New Zealand’s natural wonders often steal the limelight for tourists venturing to the land of the long white cloud. Though the country’s cities are far from lacking. Auckland has become something of a culinary and cultural destination, showcasing the exceptional talent New Zealand has to offer, meaning a short break in the city can equally be one of galleries and long lunches as days exploring the region’s plethora of wilderness attractions.
Auckland Art Trail
Auckland boasts almost 100 gallery spaces championing both local and international art. The Auckland Art Gallery Toi o Tamaki, located in the city centre, was established in 1888, and is worth a visit for its extensive collection of national and international art. Just around the corner, Gow Langsford is also one of Auckland’s most influential galleries. A short walk up the hill to the suburb of Newton will lead you to a cluster of the city’s galleries, including Artspace, Two Rooms, Ivan anthony and Ozlyn. A trip outside of the city centre can be rewarding too. The TSB Bank Wallace arts Centre, located in historic Pah homestead, is just a 20-minute drive from the CBD, and hosts contemporary exhibitions from the Wallace Art Collection. 45-minutes northwest of the city you’ll also find the Kaipara Coast Sculpture Gardens, a one-kilometre trail through various garden experiences and past 60 sculptures by emerging and established New Zealand artists.
Best known for its acclaimed vineyards and fine dining, Waiheke Island is the perfect day trip destination from Auckland. An easy 40-minute ferry from Auckland Harbour, once you arrive on the island you’re spoilt for choice with excellent public transport and tour operators. For wine tastings and lunch with a view take the Vineyard Hopper shuttle bus, which will take you to the island’s best wineries. In the main town of Oneroa you’ll find a string of quaint boutiques, cafes and excellent restaurants to pass the time in. Be sure to stop in at the Waiheke Community Art Gallery too, which specializes in local artists and hosts a biennale event Headland Sculpture on the Gulf, New Zealand’s largest outdoor art exhibition.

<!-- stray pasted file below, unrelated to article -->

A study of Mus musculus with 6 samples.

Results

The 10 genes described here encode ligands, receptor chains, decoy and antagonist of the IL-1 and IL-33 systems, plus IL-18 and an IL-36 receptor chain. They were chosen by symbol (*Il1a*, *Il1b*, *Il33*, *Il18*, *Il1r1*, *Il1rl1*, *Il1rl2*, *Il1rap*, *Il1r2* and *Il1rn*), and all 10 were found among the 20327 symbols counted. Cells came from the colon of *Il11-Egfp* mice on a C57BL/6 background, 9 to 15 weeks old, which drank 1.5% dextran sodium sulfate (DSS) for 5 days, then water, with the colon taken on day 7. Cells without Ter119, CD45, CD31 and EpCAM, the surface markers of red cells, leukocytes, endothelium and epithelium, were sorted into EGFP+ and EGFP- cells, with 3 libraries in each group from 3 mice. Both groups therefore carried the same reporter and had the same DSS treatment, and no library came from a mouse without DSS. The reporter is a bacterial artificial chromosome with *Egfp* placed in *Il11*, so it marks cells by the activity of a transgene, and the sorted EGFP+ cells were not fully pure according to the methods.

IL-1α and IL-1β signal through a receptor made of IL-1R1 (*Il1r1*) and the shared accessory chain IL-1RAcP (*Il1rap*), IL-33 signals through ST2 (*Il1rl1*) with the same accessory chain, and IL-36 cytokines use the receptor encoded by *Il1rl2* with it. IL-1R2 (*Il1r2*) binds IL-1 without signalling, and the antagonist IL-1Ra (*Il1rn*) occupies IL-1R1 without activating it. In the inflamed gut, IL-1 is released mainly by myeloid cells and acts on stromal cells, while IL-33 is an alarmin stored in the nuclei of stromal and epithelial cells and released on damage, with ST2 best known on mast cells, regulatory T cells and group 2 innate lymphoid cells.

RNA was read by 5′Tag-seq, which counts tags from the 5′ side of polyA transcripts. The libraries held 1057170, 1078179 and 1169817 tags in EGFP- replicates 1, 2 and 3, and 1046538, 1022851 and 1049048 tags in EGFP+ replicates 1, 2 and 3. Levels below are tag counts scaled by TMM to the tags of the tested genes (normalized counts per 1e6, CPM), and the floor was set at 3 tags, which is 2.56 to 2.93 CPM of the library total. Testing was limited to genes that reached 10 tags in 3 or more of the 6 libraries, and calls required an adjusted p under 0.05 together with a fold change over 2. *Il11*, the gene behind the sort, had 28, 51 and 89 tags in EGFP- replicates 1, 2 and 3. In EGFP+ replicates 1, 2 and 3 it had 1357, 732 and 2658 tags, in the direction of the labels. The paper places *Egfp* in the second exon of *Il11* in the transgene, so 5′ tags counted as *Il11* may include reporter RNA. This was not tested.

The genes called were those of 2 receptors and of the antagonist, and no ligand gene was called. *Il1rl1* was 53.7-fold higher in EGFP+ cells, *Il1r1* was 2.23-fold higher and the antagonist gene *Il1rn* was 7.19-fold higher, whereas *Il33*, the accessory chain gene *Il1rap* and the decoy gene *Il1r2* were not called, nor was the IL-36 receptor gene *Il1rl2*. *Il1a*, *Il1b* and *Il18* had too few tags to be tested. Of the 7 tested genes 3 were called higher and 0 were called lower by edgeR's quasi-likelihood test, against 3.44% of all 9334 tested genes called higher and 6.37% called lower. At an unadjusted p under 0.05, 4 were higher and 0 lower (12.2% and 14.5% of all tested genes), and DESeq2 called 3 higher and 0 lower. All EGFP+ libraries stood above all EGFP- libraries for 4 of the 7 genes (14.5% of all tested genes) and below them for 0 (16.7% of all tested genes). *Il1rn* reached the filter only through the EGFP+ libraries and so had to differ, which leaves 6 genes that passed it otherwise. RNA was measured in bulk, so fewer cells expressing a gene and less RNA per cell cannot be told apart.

For a more active exploration, discover the island on one of the many walking trails around its lush coastline. Or if you’re looking for something a little more thrilling try a jet ski tour of some of the island’s most beautiful and difficult to reach areas of the northern coastline.
More Auckland Inspiration
Chasing Waterfalls and Waves in Piha
It might be Auckland’s most popular west coast beach, but Piha’s dramatic black sand and rugged coastline lend a sense of isolation and untouched wilderness. Just 40 kilometres from Auckland city, Piha is an easy half or full day trip. Winding through the dramatic Waitakere Ranges, you’ll find numerous walking tracks suitable for all levels. When time is limited, the Kitekite Track, which takes about 45 minutes each way, is an easy walk through rainforest to the beautiful Kitekite Falls. At Piha Beach you can also climb Lion Rock, for views over the arresting volcanic coastline.
Views from Mt Eden
Auckland’s highest volcanic cone and a sacred crater, Mt Eden is both a historically interesting site and one with excellent views over the city. Known as Te Ipu Kai a Mataaho – the food bowl of Mataaho, the god of things hidden in the ground - you’re not allowed to enter the crater, but from its rim the remains of ancient food storage and terraces are clearly visible. You can access the mountain from six different locations, and the easy walk to the summit takes no more than 10 minutes.
Heritage and History
Auckland is littered with historical buildings and sacred Maori sites. In the city centre you can learn about the region’s history at the Auckland War Memorial Museum and the New Zealand Maritime Museum. Architectural enthusiasts will enjoy the historic 19th century cottage museums of Ewelme Cottage, Kinder House and Highwic in the inner city suburb of Newmarket. While a short ferry ride or drive across the harbour to Devonport will take you to both the Torpedo Bay Navy Museum and the historic Maori pa (village fortress) at North Head. Finish off the day in Devonport with afternoon tea at one of the town’s popular cafes or pubs.